Prime Minister Joseph Muscat this morning spelled out the dilemma facing Malta and other creditor countries ahead of the eurozone summit meeting on Greece.
"Our position as a country is that we need a solution, but not a solution at any price," Dr Muscat told a One Radio interviewer.
"The biggest issue is confidence, we need to be confident that the Greek government keeps its commitments."
That, he said, included commitments that the Greek government would introduce taxation on sectors of the economy which are currently untaxed, and the liberalization of sectors where state monopolies or quasi-monopolies prevailed.
"We would like to save Greece saved, our red line is that we will not accept a debt write-off," Dr Muscat said.
Malta, he explained, had loaned Greece €170 million, which was now equivalent to 2% of GDP.
"We want our money back, but we are prepared to be flexible on the terms," Dr Muscat said. Malta was prepared to discuss interest rates and longer repayment periods, but the capital had to be returned.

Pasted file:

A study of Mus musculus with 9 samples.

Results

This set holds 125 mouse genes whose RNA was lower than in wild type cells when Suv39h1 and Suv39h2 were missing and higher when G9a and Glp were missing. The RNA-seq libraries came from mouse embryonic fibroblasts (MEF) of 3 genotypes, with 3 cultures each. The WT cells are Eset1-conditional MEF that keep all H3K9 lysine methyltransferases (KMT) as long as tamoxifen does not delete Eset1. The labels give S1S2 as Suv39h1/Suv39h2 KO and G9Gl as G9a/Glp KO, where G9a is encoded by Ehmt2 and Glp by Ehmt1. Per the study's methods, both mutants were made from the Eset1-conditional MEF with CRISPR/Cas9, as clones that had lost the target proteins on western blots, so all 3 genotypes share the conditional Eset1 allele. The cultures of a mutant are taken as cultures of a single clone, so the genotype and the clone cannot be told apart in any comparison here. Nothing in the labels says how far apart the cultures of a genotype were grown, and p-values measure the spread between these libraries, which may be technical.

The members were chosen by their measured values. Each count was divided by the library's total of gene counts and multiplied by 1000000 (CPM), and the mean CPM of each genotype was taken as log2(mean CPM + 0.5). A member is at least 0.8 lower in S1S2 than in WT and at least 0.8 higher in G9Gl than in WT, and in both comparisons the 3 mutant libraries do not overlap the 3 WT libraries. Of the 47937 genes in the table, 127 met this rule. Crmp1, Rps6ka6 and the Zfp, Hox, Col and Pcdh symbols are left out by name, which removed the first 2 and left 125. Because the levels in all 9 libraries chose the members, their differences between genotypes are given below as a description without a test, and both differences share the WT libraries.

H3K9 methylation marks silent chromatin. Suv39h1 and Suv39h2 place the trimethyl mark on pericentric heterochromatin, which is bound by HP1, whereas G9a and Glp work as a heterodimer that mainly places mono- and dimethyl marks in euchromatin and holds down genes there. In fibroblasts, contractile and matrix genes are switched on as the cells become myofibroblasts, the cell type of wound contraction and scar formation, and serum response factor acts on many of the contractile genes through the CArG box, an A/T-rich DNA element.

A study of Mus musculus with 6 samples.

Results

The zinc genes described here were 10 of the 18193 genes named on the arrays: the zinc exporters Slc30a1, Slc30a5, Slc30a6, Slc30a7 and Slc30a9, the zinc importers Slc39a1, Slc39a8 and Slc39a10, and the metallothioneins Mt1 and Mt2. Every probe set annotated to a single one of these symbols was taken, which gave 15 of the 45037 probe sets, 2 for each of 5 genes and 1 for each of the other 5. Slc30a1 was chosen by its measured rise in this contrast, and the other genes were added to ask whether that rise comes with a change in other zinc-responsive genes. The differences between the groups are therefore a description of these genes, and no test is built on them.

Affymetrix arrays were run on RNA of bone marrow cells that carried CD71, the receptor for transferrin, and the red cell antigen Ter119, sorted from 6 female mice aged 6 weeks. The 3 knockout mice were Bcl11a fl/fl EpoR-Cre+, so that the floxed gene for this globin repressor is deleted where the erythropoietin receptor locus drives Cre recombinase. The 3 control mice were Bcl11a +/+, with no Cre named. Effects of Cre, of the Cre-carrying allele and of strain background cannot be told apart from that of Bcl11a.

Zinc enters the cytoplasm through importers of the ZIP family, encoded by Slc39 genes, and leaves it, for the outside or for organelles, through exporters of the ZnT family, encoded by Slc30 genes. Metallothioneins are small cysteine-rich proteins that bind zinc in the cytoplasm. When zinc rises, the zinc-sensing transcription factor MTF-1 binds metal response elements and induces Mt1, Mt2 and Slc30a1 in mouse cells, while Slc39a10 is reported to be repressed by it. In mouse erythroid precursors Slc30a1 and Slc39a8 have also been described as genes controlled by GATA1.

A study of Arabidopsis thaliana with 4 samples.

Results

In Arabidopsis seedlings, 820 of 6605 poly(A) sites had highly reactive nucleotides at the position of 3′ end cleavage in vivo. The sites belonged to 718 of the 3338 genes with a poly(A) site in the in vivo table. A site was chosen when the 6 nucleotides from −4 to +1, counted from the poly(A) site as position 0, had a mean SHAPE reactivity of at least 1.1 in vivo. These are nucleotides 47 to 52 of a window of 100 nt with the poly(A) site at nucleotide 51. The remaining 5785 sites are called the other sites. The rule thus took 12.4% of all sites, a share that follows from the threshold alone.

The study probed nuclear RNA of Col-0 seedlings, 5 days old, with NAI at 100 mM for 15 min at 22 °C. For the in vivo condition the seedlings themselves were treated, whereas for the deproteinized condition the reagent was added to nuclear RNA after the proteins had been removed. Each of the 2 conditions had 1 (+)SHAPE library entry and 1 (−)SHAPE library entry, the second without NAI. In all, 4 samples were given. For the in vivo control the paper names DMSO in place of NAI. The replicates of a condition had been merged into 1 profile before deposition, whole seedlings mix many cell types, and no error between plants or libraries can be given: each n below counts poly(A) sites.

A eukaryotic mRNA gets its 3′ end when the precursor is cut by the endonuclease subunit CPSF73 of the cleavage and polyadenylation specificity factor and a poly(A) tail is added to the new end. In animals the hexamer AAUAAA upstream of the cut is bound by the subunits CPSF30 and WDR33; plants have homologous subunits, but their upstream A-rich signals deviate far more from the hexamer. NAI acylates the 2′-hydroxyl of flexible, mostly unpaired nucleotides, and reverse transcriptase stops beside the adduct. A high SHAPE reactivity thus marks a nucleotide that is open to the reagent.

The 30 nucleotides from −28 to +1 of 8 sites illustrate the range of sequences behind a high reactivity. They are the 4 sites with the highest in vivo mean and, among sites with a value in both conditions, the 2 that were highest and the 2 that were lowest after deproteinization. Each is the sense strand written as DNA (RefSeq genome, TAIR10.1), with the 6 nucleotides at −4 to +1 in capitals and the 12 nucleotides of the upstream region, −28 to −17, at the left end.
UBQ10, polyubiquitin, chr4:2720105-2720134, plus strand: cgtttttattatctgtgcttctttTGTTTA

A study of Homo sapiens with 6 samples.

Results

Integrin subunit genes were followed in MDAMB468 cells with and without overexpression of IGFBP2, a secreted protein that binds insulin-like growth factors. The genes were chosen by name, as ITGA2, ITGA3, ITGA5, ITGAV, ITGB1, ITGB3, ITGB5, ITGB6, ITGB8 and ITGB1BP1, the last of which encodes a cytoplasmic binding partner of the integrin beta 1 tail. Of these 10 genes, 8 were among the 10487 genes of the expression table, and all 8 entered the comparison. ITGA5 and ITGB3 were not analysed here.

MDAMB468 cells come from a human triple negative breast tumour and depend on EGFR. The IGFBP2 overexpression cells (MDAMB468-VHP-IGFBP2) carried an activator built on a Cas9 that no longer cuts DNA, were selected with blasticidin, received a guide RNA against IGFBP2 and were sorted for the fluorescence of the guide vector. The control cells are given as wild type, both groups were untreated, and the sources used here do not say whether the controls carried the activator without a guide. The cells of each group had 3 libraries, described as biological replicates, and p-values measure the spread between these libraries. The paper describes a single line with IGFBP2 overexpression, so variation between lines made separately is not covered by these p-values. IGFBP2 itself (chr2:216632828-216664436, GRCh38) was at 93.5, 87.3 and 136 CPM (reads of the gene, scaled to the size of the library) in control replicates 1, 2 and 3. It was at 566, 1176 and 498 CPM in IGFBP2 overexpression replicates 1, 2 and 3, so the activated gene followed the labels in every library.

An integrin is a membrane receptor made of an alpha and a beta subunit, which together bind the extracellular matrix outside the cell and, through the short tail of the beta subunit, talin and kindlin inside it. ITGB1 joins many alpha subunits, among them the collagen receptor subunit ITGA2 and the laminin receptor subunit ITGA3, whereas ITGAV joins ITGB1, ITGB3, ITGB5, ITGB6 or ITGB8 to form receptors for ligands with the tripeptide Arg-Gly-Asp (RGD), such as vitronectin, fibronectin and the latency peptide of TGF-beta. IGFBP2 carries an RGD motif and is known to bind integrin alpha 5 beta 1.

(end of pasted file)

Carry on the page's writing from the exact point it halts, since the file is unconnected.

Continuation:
Two considerations faced the eurozone countries, he said. Should they help the patient, which was Greece, recover so that it could start paying back, or should they not pour any more good money after bad, and therefore pull the plug?
This, after all, was the third bailout which Greece was requesting, and many commitments made so far had not been kept.
It the plug was pulled, the Greek economy would collapse and it would be more difficult for Malta and the other countries to get their money back, although they would still reserve their rights once Greece returned to the markets.
The talks would be difficult, and he expected a long day ahead, Dr Muscat said. His interest was to safeguard the national interest, first and foremost, but Malta also had an interest to ensure that the European project survived.
He stressed that any new bailout for Greece would not be paid for from national funds, but from the ESM - the European Stability Fund.